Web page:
In coal-loving Kentucky, Obama's climate regulations and the cheap price of natural gas are making the fossil fuel an appealing alternative to coal, writes Andy Tully.
With solar costs falling, oil-poor countries in the Middle East – like Egypt and Jordan – might be able to cash in on their plentiful sun power, writes Darrell Delamaide.
Big investors are confident that fossil fuels will remain a key energy source for years down the road, writes Michael McDonald, and the number of clean energy patents – a proxy for innovation – fell last year.
With the world’s largest coal consumers trying to rid themselves of the dirty fuel, it appears that there is little room to maneuver for coal producers, Cunningham writes. 2015 may be the year in which it all starts to fall apart.
Even Shell officials think that the oil major will not be able to see Arctic oil hit the market until sometime in the 2030s, Cunningham writes.
First developed in the early 19th century, the Stirling engine is regaining favor as a way to squeeze even more power out of the sun's energy.
Major oil companies including Total, Eni, Saudi Aramco, BG, Royal Dutch Shell, and others have come together to form an industry group to weigh in on climate negotiations to take place in Paris later this year.
Crude prices have risen over the past few weeks, after collapsing from $100 a barrel last summer to around $50 a barrel early this year. But as James Stafford writes, some predict prices could fall again later this year.
Iraqi oil production is growing, writes Nick Cunningham, even as Islamic State gains ground. The global glut of crude has insulated markets against geopolitical shocks, and the fall of Ramadi hasn't impacted production in Iraq's oil-rich South.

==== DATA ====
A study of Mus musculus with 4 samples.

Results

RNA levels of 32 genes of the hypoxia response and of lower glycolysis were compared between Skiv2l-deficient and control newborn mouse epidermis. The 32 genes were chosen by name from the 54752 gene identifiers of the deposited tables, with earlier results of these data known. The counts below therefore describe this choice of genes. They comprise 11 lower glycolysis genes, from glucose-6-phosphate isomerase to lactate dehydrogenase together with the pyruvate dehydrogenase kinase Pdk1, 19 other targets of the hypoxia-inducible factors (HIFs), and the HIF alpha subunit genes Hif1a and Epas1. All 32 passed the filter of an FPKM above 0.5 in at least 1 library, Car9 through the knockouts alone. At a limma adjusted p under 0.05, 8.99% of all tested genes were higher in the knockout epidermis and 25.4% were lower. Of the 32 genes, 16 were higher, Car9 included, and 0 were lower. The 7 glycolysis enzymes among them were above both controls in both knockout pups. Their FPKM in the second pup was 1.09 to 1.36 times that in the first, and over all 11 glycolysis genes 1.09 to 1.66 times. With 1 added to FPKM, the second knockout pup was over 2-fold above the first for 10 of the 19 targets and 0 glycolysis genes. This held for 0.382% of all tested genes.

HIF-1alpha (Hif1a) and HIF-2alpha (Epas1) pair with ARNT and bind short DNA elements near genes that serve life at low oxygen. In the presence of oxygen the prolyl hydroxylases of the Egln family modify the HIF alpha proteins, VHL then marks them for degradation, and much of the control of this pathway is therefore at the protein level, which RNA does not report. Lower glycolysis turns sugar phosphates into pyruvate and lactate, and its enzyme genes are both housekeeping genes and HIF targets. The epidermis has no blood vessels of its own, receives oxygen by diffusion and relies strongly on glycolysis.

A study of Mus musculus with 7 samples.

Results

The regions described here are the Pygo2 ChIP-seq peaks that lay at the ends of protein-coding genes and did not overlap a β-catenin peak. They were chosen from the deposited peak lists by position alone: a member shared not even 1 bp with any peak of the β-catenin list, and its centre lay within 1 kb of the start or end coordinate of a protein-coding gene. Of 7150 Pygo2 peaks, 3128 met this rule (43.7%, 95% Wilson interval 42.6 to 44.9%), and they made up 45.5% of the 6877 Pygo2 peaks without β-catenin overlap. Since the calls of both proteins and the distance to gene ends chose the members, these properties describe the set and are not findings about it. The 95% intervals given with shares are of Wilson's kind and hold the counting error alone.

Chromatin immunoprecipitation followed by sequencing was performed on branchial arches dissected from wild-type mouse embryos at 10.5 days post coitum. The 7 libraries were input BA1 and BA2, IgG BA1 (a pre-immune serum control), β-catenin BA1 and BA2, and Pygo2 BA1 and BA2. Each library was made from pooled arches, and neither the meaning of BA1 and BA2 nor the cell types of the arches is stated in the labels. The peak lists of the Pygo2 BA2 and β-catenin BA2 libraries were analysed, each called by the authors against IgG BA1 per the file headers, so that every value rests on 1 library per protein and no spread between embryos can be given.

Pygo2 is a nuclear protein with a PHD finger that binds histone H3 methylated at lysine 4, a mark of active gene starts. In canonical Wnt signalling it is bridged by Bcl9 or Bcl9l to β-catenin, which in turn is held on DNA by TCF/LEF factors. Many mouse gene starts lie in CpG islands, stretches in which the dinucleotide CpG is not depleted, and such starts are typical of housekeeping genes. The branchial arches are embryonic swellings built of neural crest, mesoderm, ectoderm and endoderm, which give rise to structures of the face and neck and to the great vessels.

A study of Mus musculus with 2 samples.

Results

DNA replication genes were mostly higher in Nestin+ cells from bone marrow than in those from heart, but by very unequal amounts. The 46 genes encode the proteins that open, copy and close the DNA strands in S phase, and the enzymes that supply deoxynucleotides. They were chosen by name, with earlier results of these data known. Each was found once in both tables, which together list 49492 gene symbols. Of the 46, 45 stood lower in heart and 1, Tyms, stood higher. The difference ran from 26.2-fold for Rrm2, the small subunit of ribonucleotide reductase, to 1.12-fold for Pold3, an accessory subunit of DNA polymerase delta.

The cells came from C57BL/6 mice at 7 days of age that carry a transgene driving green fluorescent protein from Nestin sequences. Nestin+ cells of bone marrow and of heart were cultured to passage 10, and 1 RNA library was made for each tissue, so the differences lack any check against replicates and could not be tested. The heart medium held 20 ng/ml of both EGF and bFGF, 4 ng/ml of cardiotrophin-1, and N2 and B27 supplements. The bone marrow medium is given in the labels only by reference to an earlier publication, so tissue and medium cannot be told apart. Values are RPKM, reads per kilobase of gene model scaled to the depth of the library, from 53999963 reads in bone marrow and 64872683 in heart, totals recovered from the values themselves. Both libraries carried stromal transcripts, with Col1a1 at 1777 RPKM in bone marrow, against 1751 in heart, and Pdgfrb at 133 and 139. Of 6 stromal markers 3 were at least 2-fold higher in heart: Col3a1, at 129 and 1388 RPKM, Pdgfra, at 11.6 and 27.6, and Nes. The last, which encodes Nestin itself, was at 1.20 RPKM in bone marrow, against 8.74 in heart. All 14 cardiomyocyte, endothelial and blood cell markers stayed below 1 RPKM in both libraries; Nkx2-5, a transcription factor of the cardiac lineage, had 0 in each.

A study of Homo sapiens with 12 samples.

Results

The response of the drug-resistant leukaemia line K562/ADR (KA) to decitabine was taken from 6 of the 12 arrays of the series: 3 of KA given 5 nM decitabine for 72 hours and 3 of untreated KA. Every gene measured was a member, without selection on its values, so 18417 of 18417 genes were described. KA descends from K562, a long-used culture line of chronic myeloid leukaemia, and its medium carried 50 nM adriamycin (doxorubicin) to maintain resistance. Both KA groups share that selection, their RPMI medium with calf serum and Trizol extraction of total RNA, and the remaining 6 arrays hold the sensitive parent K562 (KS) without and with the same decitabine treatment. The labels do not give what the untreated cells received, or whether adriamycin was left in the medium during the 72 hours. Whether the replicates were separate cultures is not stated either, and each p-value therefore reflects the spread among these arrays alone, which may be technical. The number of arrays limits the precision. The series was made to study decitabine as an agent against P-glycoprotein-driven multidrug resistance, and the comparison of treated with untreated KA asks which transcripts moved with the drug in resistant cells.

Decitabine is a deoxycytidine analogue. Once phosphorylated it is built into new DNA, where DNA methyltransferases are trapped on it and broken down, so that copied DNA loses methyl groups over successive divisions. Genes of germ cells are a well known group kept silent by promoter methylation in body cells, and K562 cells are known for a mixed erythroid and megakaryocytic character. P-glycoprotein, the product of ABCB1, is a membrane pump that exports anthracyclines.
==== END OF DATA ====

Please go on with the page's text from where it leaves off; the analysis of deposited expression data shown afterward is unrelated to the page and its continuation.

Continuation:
Azerbaijan has long been a key piece in the US's foreign policy puzzle, writes Nick Cunningham, and news that Congressmen traveled there at the expense of a state-owned oil company is the latest link between the countries.
OPEC mega-producer Saudi Arabia is boosting oil production to hold its market share, writes James Stafford, forcing US shale drillers to scale back production until prices rise.
Unless the US can do more to assuage Saudi Arabia's concerns, writes Nick Cunningham, Arab opposition may undermine a comprehensive deal on Iran's nuclear program.
Low oil prices are especially challenging for producers in North Dakota, where the cost of production is high. Pipeline spills and an oil train derailment there last week add another dimension to the difficult oil drilling picture in the state.
The potential of future US and UK sanctions on Russia has scuttled a Russian billionaire's plans in North Sea oil and gas fields, writes Andy Tully. It comes at a time when low oil and gas prices have decreased interest in North Sea fields.
Low oil prices have meant an uptick in demand for tankers that ship crude oil and refined products around the world, writes Charles Kennedy. And that growing demand has meant tanker companies can charge more for their services.
The US ban on oil exports could be on the way out – at least to a limited extent, writes Alexis Arthur. And it could dramatically alter the landscape of North American energy integration.
Cheap oil has challenged the oil business, but refining has been a bright spot. That's good news for the likes of Exxon and Shell, whose losses at the well have been offset by strong demand for cheap gasoline and other refined products.
Oil majors like BP and ExxonMobil are optimistic that low oil prices are helping them trim fat and right-size their operations. But those savings could come at the expense of oil field service companies like Halliburton and Transocean.
Cheap oil is good news for motorists at the pump, but the price downturn has hurt employment in the once-booming US oil industry – and that has implications for the broader economy.
Arctic drilling is becoming increasingly appealing as sea ice melts, and Russia is planning to use nuclear power to help run ports, coastal infrastructure, and oil and gas extraction.